Why Silicon Valley wants us to live longerFebruary 21, 2013: 7:46 AM ET
Mark Zuckerberg, Sergey Brin, Anne Wojcicki, Yuri Milner, Art Levinson, and others form a new prize for health care breakthroughs.
By Kurt Wagner, reporter
FORTUNE -- Top decision-makers from Apple, Google, and Facebook were in agreement Wednesday afternoon: They want us all the live longer.
Some of Silicon Valley's most influential minds -- including Facebook (FB) founder and CEO Mark Zuckerberg and Google (GOOG) founder Sergey Brin -- announced a new award that will honor research aimed at major health advancements, including "curing intractable diseases and extending human life," according to the prize description. The award's founders were on hand at the University of California San Francisco School of Medicine to present 11 inaugural recipients with the Breakthrough Prize in Life Sciences. The new honor, known simply as the "Breakthrough Prize," will be awarded annually to five recipients. It comes with a $3 million prize.
At Wednesday's announcement, Zuckerberg and Brin were joined by the award's other founders: Anne Wojcicki, co-founder of personal genetics company 23andMe and Brin's wife; Yuri Milner, founder of European Internet company Mail.ru; and Arthur D. Levinson, chairman of both Apple (AAPL) and Genentech, who will also chair the new foundation. Priscilla Chan, Zuckerberg's wife and a med-school graduate from UCSF, is also a co-founder.>
The prize is meant to encourage and reward scientists and medical professionals who are oftentimes overlooked, says Zuckerberg, who donated $500 million in Facebook shares to charity last December. Wojcicki, whose passion came out as she spoke into the microphone, added that she hopes this prize inspires medical professionals to continue changing the world. "Health care is filled with really, really wonderful people trying to make a difference," she said. "And they do that without seeking fame and money."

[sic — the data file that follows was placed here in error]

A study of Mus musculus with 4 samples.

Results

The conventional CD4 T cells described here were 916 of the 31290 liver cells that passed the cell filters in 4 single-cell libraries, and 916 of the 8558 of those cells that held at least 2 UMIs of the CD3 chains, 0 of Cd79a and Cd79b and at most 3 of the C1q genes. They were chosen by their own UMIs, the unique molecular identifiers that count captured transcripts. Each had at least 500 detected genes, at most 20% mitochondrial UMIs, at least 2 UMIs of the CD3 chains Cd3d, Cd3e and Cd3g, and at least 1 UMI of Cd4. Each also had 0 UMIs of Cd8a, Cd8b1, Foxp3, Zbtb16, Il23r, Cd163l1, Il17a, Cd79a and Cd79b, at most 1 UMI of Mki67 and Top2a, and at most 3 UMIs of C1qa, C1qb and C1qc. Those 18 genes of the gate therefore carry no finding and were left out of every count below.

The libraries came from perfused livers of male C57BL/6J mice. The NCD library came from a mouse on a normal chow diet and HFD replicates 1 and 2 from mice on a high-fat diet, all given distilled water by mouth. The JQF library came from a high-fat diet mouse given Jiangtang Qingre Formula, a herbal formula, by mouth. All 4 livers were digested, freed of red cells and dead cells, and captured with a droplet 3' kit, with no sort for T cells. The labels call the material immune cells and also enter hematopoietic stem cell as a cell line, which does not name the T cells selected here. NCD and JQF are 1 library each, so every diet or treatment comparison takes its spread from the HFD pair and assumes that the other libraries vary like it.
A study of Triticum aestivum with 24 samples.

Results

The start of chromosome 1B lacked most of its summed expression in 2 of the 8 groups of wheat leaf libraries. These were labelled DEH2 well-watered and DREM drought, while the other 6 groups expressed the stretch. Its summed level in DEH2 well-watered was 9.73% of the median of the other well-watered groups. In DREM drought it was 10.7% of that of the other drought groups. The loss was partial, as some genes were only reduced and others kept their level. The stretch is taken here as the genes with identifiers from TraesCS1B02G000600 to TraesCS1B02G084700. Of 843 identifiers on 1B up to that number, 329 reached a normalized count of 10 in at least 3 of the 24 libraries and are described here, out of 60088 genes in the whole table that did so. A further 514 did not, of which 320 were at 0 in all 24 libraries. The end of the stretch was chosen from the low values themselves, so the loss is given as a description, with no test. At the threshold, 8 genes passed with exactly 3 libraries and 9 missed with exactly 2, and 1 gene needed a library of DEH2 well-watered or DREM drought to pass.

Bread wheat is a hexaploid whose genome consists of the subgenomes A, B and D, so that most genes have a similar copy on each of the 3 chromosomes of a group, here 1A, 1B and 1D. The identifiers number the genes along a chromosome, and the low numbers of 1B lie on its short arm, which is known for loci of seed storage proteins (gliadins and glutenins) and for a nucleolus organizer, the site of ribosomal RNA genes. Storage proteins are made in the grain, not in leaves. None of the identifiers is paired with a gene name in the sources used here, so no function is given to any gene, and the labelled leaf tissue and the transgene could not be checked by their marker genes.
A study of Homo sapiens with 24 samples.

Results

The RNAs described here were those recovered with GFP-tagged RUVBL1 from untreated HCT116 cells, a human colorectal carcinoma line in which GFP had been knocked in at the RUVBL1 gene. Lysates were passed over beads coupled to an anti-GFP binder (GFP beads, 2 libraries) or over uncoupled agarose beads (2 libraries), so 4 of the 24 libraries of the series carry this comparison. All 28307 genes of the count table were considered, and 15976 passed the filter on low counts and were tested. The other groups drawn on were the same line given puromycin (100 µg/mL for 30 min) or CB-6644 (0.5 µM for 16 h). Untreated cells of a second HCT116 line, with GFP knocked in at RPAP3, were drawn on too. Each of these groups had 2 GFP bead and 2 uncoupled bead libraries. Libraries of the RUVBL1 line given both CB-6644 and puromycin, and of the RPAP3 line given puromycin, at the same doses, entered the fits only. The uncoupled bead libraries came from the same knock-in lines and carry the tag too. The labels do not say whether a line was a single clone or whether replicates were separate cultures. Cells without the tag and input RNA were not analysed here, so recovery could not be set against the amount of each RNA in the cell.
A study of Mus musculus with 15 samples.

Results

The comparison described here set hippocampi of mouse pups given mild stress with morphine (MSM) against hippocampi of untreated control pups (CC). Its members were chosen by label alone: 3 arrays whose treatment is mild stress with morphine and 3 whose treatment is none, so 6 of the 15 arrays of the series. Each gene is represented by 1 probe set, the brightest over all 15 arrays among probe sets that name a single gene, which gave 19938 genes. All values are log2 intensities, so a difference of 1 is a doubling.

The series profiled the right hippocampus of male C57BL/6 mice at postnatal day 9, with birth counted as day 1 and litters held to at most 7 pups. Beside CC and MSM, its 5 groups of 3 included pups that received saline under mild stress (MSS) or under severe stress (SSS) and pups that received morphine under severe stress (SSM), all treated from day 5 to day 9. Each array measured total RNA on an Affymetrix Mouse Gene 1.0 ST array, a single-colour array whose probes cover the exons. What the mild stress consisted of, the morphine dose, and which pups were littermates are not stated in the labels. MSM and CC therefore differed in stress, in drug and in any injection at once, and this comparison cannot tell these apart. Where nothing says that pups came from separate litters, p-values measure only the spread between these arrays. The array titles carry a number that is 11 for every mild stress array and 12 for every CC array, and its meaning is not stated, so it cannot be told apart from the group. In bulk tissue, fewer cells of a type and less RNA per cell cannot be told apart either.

Future award recipients will be selected by previous winners, starting with this year's inaugural group. As of now, there are no plans to expand the team of sponsors by adding other top CEOs. However, an expansion in the number of sponsors and amount of prize money is expected sometime in the future, according to Milner. One prize each year will go toward research aimed at curing Parkinson's Disease, a personal pursuit for Brin who has the Parkinson's gene. Brin has donated well over $100 million to the Michael J. Fox Foundation for Parkinson's Research since discovering he had the gene himself in 2008. The other four awards have not yet been tied to a specific disease.
As students from the UCSF School of Medicine looked down from the second and third floors of the atrium, the prize founders routinely addressed the future generation of medical professionals. "A lot of this isn't really about you guys here today," said Zuckerberg, in his signature black hoodie. "I think a lot of what we're doing here is about the next generations."